One question for anyone from Hiroshima: who is this guy whose caricature is on this Carp-themed bar? (the Carp are Hiroshima’s baseball team). He’s got Peter Griffin’s famous, ah, double . . . balled . . . chin. And how does he eat with no mouth?
I’ve been traveling around Japan on the shinkansen – Japan’s ultra-fast bullet trains that criss-cross the country. On June 30th I headed back toward Tokyo from Hiroshima.
The shinkansen is amazing compared to airplanes.
You can arrive on the platform anytime up until departure and just walk on. No security check or ticket/passport check. Bring any food and drinks you want. Luggage weigh-in: nope. Speed is up to around 300km/h (~190mph).
One drawback is that it’s incredibly expensive, so Japanese usually just take the shinkansen if their company is paying for it. Foreigners can get a JR Railpass for varying durations if they are visiting for tourism, which is definitely worth it.
Note: if you want a Railpass, you have to buy a “Railpass exchange order” in advance, before leaving home for Japan! You cannot get a Railpass in Japan unless you’ve pre-purchased this exchange order, and it’s only available for tourists.
On the way to Tokyo, I stopped at Himeji Castle, one of the best-preserved castles in Japan. It retains its original style without much modification, displaying at every turn how it was built almost entirely with defense from invading Samurai in mind.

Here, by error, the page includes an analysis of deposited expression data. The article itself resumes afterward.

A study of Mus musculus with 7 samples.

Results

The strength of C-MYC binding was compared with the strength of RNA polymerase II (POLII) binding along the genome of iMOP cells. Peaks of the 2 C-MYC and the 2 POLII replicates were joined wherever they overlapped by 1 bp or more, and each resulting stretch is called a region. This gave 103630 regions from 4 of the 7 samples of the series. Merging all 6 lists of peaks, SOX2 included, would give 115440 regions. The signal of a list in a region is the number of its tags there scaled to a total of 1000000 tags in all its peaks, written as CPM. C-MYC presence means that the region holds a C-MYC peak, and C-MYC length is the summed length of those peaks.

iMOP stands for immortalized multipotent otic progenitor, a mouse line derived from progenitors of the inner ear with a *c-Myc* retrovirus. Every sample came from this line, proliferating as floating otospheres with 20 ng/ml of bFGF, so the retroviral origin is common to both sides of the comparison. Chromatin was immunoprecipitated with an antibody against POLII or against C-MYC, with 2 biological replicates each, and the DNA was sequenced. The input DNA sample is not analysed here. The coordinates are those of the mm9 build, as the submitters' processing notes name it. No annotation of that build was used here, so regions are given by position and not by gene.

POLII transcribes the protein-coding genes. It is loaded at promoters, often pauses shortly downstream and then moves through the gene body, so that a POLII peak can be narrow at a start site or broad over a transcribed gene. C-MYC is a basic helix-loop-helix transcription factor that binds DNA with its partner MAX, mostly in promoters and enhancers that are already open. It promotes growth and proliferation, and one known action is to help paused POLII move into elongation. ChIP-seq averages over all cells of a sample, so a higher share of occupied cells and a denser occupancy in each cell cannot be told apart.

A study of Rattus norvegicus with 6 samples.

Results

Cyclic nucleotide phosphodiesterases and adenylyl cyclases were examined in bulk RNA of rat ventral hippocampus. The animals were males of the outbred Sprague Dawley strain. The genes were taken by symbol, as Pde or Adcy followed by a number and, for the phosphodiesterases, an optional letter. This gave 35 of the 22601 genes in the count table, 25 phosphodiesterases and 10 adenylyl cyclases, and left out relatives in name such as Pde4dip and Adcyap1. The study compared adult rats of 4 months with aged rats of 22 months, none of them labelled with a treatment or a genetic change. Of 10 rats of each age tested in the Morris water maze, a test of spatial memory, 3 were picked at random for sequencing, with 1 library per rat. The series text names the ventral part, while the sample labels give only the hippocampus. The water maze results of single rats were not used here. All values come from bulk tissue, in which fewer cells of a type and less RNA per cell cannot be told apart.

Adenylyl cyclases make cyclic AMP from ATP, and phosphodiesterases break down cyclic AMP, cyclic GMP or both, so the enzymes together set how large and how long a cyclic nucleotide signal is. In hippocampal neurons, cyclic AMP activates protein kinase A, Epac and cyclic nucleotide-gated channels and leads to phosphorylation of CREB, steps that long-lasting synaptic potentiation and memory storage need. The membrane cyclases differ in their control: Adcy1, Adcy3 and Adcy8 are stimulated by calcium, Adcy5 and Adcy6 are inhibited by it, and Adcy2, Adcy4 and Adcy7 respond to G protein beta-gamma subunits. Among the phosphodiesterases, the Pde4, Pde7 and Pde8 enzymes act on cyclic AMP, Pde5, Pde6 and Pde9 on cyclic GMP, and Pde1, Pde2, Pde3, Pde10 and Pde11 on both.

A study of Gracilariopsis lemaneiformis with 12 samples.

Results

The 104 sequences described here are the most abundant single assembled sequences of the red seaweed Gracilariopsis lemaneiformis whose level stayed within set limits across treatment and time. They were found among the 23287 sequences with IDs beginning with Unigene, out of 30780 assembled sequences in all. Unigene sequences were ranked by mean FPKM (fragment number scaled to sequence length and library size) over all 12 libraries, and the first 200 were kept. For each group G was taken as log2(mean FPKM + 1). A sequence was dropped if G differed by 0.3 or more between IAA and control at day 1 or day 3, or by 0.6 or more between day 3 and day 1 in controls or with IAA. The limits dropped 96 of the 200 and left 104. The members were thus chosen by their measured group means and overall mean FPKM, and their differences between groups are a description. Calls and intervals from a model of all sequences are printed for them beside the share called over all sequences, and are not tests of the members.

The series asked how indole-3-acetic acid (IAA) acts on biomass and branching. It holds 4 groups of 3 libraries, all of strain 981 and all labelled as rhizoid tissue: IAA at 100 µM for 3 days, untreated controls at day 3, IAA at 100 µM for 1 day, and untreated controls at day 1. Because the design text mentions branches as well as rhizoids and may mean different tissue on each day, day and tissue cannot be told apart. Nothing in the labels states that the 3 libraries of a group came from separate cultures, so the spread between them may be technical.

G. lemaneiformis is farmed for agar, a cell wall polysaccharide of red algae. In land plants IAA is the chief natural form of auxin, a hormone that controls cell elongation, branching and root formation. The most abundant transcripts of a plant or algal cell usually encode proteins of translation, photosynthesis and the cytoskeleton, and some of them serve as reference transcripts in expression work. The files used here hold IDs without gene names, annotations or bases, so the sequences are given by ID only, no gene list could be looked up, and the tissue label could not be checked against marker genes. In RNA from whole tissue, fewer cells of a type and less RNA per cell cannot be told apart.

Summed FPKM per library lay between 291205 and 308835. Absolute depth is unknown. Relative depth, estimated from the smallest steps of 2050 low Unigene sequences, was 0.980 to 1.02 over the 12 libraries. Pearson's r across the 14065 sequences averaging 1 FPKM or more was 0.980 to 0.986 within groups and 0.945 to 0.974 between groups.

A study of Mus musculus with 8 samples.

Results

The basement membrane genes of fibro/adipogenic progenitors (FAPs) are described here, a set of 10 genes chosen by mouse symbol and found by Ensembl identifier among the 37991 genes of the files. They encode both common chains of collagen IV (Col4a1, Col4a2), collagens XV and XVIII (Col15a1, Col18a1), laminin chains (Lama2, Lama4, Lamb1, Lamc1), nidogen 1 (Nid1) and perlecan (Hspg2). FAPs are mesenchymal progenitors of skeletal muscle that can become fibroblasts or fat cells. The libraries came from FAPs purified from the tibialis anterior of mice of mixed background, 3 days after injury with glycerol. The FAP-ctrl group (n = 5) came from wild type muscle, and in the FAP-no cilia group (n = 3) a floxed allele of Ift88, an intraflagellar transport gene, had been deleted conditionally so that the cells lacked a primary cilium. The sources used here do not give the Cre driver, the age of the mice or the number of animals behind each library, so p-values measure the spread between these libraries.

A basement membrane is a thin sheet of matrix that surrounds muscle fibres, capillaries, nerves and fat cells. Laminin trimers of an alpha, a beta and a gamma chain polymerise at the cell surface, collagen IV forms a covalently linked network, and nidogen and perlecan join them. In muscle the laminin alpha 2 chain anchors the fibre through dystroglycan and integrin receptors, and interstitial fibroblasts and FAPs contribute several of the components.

Steps are unevenly spaced so that invaders would have trouble running up them, keeping their eyes focused on the ground instead of watching out for arrows. Gates and passages are low to make warriors duck, and many passages would be tough on horseback. The final entry path to the main keep is sloped downhill, to confuse enemy commanders who are used to following uphill paths to such keeps. Dungeons & Dragons fans would love the construction of this place!
Himeji is undergoing renovation, but I was lucky that it’s not yet fully covered with scaffolding (as it soon will be, until 2014!). Only the center courtyard/castle was closed to visits. I saw a lot of the surrounding castle buildings and got many pictures with little or no scaffolding. But check on the status before you visit, because it might be a disappointment if you can’t even see the castle on the hilltop.
Read tomorrow’s entry for a better feel of Tokyo, when I visit the Modern Art Museum and Akihabara Electric Town!